Democrats Propose Sweeping Anti-Gun Bill That Would Create National Registry

The proposal is a dead-end, but will motivate pro-gun voters.

We’ve noted before that both parties seem to be making calculated moves in an attempt to become less popular with voters in advance of the midterm elections. Now two Democrats, who were apparently worried that some gun owners might not vote Republican, have proposed a national gun registry.

Rep. Bobby Rush (D-Ill.) introduced the Blair Holt Firearm Licensing and Record of Sale Act in the House and Sen. Tammy Duckworth (D-Ill.) introduced a companion bill in the Senate. The Washington Examiner reports that the bill would make it illegal to own an unlicensed gun and would require a firearms license and federal background checks for all sales and transfers of guns. The bill would also require the attorney general to create a federal system to record gun purchases.

The bill is one of several gun control proposals named for Chicago honor student, Blair Holt, who was murdered in 2008. Chicago has some of the toughest gun laws in the country as well as one of the highest crime rates.

Rush’s office claims that the gun registry would protect the public from “unreasonable risk of injury and death” from private gun sales. Second Amendment advocates would also point out that a gun registry would make gun confiscation easier in the event of a ban. Rep. Eric Swalwell (D-Cal.) proposed such a ban just last month.

Gun owners have nothing to fear from the Democratic proposals. With Republicans in control of both houses of Congress, most gun control bills are dead on arrival. An exception would be the bump stock ban being pushed by President Trump and many Democrats.

Even a large number of Democrats from conservative-leaning states would oppose strict new gun laws. It’s fitting that the new anti-gun proposals originate with members of Congress from California and Illinois, two of the states most out of touch with the rest of the country with respect to gun rights.

In spite of the recent school shootings, guns registered a distant third on a recent NBC News/Wall Street Journal poll behind health care and jobs/economy. Only 13 percent of voters considered guns the most important issue. There was no breakdown between the pro- and anti-gun factions in the poll.

The largest impact of the Democrat bill will be to mobilize gun owners to resist the attempt to erode gun rights. Democratic proposals that confirm the worst fears of gun owners will drive Second Amendment voters to the polls where defending Donald Trump might not.

No. 1-11

Just because a propaganda website quotes it, doesn't make it true. Here's an excerpt from a book written by an actual scholar who has studied this extensively and is also employed by a Christian University.

They Never Said It : A Book of Fake Quotes, Misquotes, and Misleading Attributions By Paul F. Boller Jr. Emeritus Professor of History Texas Christian University, Oklahoma John George Jr. Professor of Political Science and Sociology Central State University,%20who%20died%20in%201924,%20had%20anything%20to%20say%20of%20use%20for%20opponents%20of%20firearms-registration%20in%20the%20United%20States%20in%20the%20late%2020th&hl=en&sa=X&ved=0ahUKEwiDgseSsNnKAhVV92MKHUFpAZQQ6AEIHDAA#v=onepage&q=That%20Lenin%2C%20who%20died%20in%201924%2C%20had%20anything%20to%20say%20of%20use%20for%20opponents%20of%20firearms-registration%20in%20the%20United%20States%20in%20the%20late%2020th&f=false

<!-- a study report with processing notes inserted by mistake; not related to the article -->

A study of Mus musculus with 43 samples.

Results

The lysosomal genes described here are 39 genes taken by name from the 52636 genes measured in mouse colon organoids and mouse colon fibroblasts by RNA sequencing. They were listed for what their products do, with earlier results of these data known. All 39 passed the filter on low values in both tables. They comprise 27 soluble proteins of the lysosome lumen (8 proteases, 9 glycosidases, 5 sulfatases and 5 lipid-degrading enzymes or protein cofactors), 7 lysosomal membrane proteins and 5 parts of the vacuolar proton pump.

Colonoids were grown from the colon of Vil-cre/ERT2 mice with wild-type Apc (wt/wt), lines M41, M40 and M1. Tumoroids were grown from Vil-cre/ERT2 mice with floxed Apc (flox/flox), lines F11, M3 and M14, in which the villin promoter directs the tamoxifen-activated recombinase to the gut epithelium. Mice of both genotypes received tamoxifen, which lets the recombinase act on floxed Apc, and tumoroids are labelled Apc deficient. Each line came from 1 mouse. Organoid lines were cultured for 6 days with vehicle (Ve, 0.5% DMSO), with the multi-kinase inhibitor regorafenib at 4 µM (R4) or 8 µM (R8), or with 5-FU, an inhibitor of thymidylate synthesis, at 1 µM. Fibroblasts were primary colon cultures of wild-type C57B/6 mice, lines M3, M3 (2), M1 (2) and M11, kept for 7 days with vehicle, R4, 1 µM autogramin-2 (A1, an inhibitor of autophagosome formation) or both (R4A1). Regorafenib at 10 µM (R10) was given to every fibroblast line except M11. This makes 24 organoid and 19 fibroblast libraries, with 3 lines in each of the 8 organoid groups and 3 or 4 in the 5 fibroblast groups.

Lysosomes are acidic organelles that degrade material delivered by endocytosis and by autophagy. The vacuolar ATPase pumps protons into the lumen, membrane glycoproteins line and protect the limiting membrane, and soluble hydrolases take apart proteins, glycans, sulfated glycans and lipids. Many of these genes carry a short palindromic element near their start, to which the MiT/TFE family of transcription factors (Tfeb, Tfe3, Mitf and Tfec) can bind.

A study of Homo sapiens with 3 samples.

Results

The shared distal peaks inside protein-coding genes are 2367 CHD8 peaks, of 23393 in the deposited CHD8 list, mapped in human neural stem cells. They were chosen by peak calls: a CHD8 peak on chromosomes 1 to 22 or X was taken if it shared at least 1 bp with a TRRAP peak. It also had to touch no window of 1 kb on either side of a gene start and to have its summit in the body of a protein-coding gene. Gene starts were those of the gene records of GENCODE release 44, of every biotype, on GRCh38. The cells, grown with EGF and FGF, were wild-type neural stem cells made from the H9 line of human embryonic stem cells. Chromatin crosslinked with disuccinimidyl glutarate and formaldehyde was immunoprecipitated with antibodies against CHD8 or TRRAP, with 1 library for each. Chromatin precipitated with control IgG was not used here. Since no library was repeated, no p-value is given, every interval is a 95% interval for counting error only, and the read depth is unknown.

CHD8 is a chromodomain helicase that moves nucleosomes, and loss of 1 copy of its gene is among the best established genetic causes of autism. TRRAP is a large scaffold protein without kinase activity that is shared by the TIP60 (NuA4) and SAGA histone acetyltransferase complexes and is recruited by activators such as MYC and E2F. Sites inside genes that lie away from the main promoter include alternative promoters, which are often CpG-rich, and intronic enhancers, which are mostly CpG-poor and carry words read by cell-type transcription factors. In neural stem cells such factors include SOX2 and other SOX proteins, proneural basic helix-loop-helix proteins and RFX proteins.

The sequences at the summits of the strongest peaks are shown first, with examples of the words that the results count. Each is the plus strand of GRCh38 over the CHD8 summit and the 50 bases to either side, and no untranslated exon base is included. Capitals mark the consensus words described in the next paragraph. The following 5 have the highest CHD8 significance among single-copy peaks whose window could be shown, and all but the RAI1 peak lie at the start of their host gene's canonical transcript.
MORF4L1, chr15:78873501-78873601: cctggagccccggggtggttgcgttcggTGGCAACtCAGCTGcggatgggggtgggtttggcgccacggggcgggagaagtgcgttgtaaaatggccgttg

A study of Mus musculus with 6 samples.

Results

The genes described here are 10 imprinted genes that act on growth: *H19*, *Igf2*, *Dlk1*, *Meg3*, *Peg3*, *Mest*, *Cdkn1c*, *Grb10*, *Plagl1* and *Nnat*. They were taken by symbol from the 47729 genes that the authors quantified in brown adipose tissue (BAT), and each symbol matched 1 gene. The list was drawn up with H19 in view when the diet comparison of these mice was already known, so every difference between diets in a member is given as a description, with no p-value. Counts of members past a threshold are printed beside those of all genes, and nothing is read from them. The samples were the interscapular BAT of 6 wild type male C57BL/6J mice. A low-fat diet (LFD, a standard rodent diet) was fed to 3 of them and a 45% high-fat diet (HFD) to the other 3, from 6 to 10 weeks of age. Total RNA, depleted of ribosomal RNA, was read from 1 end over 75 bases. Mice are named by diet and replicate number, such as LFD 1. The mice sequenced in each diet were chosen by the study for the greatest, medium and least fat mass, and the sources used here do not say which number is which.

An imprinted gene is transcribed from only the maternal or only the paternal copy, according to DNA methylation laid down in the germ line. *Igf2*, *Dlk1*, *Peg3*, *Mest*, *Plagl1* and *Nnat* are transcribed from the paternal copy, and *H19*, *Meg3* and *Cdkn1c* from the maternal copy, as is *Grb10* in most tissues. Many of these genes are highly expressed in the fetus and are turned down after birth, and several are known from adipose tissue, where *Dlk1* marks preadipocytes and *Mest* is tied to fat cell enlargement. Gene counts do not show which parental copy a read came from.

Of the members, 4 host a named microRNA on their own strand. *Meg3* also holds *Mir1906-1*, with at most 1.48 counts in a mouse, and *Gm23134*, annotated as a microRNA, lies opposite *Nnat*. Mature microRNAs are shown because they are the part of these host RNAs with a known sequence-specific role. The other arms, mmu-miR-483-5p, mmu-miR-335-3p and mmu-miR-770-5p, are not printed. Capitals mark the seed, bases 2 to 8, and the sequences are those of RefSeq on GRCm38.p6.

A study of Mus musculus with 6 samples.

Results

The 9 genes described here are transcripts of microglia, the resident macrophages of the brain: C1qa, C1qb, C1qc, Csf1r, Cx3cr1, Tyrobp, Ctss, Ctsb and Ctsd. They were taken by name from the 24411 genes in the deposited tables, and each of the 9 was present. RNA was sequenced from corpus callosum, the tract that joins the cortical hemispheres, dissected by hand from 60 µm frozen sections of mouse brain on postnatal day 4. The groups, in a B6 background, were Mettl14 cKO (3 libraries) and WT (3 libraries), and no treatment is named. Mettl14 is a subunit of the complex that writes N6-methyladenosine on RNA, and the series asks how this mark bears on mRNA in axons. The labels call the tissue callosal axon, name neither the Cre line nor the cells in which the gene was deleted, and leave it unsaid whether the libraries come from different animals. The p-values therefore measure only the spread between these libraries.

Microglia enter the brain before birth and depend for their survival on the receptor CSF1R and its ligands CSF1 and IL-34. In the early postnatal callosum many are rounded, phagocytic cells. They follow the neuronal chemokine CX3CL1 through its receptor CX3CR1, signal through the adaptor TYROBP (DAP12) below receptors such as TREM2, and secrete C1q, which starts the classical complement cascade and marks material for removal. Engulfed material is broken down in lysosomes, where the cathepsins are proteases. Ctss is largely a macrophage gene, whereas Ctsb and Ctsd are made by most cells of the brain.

A system of licensing and registration is the perfect device to deny gun ownership to the bourgeoisie. - Vladimir Ilyich Lenin


@RFlynn - Many people are delusional, that doesn't mean we should prep for their delusions. In reality, no matter how anonymous gun ownership was, we'd have no shot against defending ourselves against the US Military. To pretend otherwise is just fantasy. More than likely, if it actually came to the military going rogue, they'd just nuke us with neutron bombs. Everything infrastructure wise remains, everything living that could pull a trigger is dead. No reason to put any actual rogue troops at risk. Minimizing troop casualties would be paramount because those are all the friendlies they'd likely have. In a scenario not involving nukes, if the military went rogue and turned on us, our allies would likely turn on the military. Your equation completely ignores that likelyhood. It's no good to the rest of the planet to have a rogue US Military, it would likely be met with fierce resistance. Your equation also assumes 100% of the military would go rogue and that none of the troops would fight back against a rogue element - again, this it isn't happening that way and at least enough troops would remain loyal and would not let the rogue element proceed unchallenged.

You bring up soldiers in Iraq - why would a database have helped the US one bit? We're talking about civilians. We knew where soldiers had their weapons - they had their weapons in the field. Aside from that, the argument is bullshit since simply knowing where almost 400 million guns are in the US doesn't address the logistical issue of literally going to almost every home in the united states to collect those weapons. That isn't happening in a hour, or a day, or even a month. It would likely take every day in a year or more assuming everyone behaved peacefully and willingly gave up their weapons(they would absolutely not). As I've said before, minimizing troop casualties is paramount in this scenario. House to house raids would put all of those troops at risk. Not a good strategy. The only way a rogue military lives to tell their tale of victory would absolutely, positively be nuclear based attacks against the population both inside the US and probably outside against our allies and maybe even our enemies(who might take the opportunity to join in the fun).